A lot of people I know don't like autumn. They think this time of year is depressing because the leaves are dying and winter is on its way. I tend to take the opposite view; autumn is actually one of my favorite seasons. Mums of all shapes and sizes are blooming, the leaves are turning the most amazingly vibrant colors, and everyone's digging out their cold-weather clothes. It seems like every day brings something new and interesting.
The words "new" and "interesting" are certainly applicable to the myriad advances being made in our industry. For example, researchers at the Georgia Institute of Technology have developed technology that could enable solid oxide fuel cells to be powered by coal gas. "The technique could provide a cleaner and more efficient alternative to conventional power plants for generating electricity from the nation's vast coal reserves," writes Georgia Tech's John Toon. Read about the team's "Self-Cleaning Anodes."
As the use of ceramic materials continues to increase across multiple industries, the methods used to produce those materials have likewise continually evolved. Uniform ceramic nanofibers with diameters of 75-125 nm can now be created through an electrospinning process. According to John M. Finley II, chairman and CEO of MemPro Ceramics Corp., "The process begins with polymer chemistry, which is used to form ultrafine fibers that are treated and converted into ceramics." Learn about "Developing Ceramic Nanofibers."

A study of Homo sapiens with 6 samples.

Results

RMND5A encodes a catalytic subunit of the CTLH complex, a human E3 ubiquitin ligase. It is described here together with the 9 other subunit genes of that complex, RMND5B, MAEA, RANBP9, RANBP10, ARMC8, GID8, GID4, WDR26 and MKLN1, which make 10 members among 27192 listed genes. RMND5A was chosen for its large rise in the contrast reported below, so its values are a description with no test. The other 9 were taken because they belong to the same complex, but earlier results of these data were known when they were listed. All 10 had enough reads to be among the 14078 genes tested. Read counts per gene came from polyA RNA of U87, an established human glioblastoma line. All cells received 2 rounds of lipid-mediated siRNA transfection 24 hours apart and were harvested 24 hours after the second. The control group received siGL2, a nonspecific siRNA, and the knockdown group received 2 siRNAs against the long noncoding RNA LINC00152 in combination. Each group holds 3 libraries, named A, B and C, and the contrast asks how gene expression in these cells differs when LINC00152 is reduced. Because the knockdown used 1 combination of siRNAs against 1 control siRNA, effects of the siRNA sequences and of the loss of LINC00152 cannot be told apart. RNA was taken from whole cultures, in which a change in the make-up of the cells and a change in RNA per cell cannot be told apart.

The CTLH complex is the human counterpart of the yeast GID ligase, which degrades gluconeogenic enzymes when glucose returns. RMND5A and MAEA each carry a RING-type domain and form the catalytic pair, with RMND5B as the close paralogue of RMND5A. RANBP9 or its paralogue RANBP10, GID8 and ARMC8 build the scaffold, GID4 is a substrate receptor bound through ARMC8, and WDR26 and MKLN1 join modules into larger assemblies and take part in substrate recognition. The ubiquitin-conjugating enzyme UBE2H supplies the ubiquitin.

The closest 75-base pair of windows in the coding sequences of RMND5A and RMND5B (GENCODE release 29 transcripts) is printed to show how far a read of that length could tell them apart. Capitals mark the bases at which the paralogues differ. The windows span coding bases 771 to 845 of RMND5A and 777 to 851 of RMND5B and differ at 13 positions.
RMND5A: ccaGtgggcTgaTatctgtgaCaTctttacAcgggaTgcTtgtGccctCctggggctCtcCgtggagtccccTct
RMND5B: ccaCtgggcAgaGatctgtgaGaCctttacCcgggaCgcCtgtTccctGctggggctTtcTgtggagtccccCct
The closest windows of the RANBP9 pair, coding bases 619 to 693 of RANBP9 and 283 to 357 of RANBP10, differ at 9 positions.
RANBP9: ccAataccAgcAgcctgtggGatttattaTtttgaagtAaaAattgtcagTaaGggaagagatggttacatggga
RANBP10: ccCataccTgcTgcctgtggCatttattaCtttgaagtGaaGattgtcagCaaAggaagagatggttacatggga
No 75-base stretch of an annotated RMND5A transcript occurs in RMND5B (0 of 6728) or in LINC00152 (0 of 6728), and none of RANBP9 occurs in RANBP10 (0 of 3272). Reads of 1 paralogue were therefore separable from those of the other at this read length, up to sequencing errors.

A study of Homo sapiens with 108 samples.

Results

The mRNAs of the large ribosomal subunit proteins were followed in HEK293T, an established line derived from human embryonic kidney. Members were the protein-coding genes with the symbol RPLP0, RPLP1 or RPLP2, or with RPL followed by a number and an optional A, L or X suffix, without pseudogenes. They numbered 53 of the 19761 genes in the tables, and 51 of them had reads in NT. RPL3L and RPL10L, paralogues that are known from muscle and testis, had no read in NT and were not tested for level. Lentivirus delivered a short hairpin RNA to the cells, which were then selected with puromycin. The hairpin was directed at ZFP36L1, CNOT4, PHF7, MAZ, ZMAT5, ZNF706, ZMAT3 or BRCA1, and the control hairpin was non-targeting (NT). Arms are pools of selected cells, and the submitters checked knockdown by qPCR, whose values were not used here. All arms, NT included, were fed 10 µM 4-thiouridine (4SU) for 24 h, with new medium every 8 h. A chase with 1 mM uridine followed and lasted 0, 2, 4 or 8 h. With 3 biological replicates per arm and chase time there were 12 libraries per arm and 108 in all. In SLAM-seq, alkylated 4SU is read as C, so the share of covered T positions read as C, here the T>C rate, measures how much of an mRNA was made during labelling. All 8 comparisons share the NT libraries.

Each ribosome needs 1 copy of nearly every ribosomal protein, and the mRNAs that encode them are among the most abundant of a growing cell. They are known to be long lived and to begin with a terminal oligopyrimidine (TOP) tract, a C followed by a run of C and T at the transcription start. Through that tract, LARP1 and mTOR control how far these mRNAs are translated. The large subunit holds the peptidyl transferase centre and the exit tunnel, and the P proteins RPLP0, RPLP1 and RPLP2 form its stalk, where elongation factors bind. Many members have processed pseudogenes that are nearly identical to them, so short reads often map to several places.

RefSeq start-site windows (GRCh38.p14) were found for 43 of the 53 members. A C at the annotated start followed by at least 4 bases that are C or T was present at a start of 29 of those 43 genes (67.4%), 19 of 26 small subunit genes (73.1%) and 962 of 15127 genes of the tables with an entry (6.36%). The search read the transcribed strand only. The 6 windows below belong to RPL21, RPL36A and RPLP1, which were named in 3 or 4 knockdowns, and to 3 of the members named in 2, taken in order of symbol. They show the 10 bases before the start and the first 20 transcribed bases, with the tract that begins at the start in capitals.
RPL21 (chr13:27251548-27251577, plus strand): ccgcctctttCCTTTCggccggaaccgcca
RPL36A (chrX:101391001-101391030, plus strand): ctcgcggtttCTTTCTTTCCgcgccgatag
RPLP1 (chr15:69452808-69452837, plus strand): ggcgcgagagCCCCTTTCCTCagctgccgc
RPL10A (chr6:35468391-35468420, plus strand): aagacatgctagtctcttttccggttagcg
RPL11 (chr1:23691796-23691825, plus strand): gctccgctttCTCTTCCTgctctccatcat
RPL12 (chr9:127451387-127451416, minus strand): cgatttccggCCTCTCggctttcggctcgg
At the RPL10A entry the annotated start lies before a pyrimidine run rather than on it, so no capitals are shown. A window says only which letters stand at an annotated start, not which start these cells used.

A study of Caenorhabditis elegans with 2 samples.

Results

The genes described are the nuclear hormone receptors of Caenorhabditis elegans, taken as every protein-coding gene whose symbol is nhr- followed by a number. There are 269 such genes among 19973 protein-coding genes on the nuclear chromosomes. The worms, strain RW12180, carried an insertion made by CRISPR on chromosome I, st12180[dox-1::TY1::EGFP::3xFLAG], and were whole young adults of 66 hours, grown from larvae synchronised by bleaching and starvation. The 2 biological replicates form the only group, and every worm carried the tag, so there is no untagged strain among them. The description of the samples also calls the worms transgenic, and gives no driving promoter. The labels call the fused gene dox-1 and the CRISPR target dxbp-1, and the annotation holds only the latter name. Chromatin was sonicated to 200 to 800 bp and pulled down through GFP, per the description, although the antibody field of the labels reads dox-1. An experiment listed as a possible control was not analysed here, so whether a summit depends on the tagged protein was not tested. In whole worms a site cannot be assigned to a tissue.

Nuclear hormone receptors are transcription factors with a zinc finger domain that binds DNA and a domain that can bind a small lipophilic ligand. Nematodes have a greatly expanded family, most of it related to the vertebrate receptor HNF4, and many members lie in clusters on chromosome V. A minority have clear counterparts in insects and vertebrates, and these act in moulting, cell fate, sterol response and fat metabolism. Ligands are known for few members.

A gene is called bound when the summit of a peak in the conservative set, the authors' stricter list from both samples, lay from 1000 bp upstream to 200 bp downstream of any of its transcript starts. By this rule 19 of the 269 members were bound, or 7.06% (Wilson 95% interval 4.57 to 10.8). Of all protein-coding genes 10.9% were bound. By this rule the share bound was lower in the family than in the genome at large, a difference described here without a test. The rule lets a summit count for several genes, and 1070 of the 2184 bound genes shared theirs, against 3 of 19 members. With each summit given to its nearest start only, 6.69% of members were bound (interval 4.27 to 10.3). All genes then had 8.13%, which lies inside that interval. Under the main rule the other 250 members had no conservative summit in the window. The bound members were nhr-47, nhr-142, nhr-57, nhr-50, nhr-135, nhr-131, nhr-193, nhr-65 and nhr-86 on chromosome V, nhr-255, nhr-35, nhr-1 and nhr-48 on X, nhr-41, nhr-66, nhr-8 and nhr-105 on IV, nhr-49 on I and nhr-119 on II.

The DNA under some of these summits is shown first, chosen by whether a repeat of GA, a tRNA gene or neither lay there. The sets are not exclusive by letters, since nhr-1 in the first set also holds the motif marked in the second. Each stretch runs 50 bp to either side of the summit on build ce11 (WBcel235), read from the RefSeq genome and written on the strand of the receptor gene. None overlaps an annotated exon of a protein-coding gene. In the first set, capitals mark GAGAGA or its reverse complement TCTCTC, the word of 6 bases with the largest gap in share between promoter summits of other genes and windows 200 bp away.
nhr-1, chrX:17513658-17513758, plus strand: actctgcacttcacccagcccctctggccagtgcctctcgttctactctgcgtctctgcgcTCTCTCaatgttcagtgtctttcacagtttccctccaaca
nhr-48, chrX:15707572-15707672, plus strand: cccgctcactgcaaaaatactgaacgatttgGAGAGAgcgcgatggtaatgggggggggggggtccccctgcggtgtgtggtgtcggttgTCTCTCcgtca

Rare earths are used in a number of applications ranging from dental ceramics and medical glassware to ceramic capacitors. Suppliers in areas such as the U.S., Canada and Australia are working to expand their resources to alleviate the problems caused by China's reduced rare earth exports. Gradient's David Mayfield discusses "'Rare' Growth Opportunities."